What sparked Earth's richest plant diversity?

July 8, 2013
Richard Olmstead
Richard G. Olmstead with Citharexylum argutidentaum in cloud forests of southern Peru.

Richard G. Olmstead with Citharexylum argutidentaum in cloud forests of southern Peru.
Photo: Burke Museum

I recently visited San Jose, Costa Rica, to collect plants for my studies of Neotropical plant diversity.

The New World tropics, or Neotropics, from Mexico in the north to Argentina in the south, contain the richest diversity of flowering plants on earth—more than 100,000 species, or one-third of all plants on earth. From Amazonian jungles to high Andean paramo to the deserts of Mexico, the diversity of these ecosystems is unrivaled. It is home to the greatest mosaic of biodiversity on earth.

Central America occupies an important piece in the puzzle of Neotropic diversification. For more than 50 million years, South America was isolated until the uplift of the Isthmus of Panama formed a connection to North America. A unique tropical flora existed in southern North America before the Isthmus of Panama, but the connection sent a rush of plants from the greater store of diversity in South America north into Central America.

The genus Citharexylum (a group of plants in the verbena family), has spread to colonize most of the Neotropics, including Central American and high Andean ecosystems. Most groups of plants stick to one type of habitat, so Citharexylum presents a rare opportunity to study how diversification might have occurred throughout the Neotropics.

In past fieldtrips, I collected Citharexylum in Argentina, Cuba, Florida, Nicaragua, and Puerto Rico, where all of the species I saw had similar characteristics: large trees with typical broad, tropical-forest leaves, and long inflorescences with many flowers and fruits.

Leaves and fruits of Citharexylum donnell-smithii.

Leaves and fruits of Citharexylum donnell-smithii.
Photo: Burke Museum

In 2009, I traveled to Peru to collect in the high Andean cloud forests, and was surprised to find stunted trees with small, leathery leaves, and small flowering shoots with only a few flowers. Subsequent collecting in Colombia and Brazil and using tissues from herbarium specimens, have expanded the geographic range of our sampling and enabled us to include desert-adapted species from Mexico.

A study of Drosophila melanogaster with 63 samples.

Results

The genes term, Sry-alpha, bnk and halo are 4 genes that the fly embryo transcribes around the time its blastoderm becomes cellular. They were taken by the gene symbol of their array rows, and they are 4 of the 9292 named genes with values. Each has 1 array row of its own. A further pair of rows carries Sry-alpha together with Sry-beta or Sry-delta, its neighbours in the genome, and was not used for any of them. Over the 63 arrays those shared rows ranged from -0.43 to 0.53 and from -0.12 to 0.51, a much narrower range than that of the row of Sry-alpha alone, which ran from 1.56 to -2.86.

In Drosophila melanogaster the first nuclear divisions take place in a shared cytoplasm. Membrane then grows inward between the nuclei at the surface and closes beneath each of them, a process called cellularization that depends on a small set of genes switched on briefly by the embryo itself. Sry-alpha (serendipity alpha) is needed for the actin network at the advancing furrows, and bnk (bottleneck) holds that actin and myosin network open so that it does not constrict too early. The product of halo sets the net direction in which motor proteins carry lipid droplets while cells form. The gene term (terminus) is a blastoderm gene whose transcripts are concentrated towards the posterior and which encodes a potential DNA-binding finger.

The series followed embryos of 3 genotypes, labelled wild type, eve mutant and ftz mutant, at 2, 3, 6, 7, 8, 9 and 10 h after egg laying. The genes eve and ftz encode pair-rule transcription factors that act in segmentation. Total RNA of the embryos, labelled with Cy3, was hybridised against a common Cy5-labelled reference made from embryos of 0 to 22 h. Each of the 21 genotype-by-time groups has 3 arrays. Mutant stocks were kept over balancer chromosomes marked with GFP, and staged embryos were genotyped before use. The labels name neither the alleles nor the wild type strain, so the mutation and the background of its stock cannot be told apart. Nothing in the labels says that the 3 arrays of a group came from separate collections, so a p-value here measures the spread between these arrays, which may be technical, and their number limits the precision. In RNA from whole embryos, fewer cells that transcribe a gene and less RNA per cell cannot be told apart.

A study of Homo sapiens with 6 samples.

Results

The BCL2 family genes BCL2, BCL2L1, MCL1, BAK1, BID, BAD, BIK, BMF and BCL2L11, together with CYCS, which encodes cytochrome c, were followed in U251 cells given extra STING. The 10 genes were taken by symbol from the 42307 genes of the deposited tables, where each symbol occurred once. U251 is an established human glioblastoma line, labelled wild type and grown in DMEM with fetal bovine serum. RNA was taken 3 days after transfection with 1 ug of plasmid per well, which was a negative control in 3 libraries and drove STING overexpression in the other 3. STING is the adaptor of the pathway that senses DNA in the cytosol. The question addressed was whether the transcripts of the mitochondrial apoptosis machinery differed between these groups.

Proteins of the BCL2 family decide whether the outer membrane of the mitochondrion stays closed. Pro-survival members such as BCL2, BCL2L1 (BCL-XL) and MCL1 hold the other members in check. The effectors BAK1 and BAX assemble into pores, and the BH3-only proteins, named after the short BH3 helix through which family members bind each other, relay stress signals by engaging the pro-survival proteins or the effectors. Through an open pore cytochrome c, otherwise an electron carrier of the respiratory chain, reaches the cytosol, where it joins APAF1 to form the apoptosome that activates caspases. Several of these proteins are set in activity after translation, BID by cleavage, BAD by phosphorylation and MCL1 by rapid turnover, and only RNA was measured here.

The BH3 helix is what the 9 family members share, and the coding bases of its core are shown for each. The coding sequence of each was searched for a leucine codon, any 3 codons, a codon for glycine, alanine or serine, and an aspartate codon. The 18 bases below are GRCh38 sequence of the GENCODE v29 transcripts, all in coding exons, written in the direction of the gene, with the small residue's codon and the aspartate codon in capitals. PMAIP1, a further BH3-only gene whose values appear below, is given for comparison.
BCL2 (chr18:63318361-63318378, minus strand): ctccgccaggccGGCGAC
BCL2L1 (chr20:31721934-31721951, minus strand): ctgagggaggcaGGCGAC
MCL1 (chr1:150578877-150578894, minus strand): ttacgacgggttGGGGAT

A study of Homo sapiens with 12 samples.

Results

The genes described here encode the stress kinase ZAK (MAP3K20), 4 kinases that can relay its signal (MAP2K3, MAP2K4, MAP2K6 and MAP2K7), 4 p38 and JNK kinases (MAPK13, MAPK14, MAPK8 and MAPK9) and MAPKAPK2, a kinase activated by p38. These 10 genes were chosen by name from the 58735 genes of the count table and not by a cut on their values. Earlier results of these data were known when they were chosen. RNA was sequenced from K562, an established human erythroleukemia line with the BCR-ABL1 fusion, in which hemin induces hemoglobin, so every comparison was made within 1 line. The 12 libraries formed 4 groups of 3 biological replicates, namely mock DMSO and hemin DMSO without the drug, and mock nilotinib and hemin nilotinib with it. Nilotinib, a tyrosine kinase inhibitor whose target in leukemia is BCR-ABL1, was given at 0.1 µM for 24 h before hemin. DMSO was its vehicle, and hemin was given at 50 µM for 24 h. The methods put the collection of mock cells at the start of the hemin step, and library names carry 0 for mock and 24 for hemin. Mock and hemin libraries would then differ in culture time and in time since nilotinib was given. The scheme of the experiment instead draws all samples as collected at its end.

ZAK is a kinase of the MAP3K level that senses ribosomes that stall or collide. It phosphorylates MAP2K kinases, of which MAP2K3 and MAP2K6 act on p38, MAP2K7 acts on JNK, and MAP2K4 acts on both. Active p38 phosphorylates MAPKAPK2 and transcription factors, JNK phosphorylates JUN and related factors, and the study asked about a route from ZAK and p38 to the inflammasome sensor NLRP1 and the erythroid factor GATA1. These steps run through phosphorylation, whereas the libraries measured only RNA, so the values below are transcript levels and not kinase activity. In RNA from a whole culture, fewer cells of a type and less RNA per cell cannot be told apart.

Flowers and fruits of Citharexylum argutidentatum.

Flowers and fruits of Citharexylum argutidentatum. 
Photo: Burke Museum

Back in my lab, Ph.D. student, Laura Frost, studied DNA sequences from all of the specimens and noticed a surprisingly ancient split between the South and Central American species, with the Andean species arising from low elevation South American ancestors. Another surprise was that the desert species, occupying perhaps the most stressful environment in which the genus occurs, represent multiple parallel evolutionary adaptations to extreme drought.

Laura Frost with specimen of Citharexylum subflavescens in Colombia.

Laura Frost with specimen of Citharexylum subflavescens in Colombia. 
Photo: Burke Museum

These results were based on only a third of the nearly 130 species in this genus, and many more species will need to be included to be able to determine how and when the colonization took place. We also hope to address the important question of whether evolution into different habitats (e.g., Andean cloud forests), or migration to new continents (e.g., Central America) leads to accelerated diversification.

In the coming years, Laura will take this project on as her dissertation research and will travel throughout the Neotropics to collect more pieces of this puzzle.

Through this collecting and research, we’ll move one step closer to understanding how the Neotropics came to have the richest diversity of plants on earth.  

For more information, visit the Burke’s “Why Study Evolution” exhibit.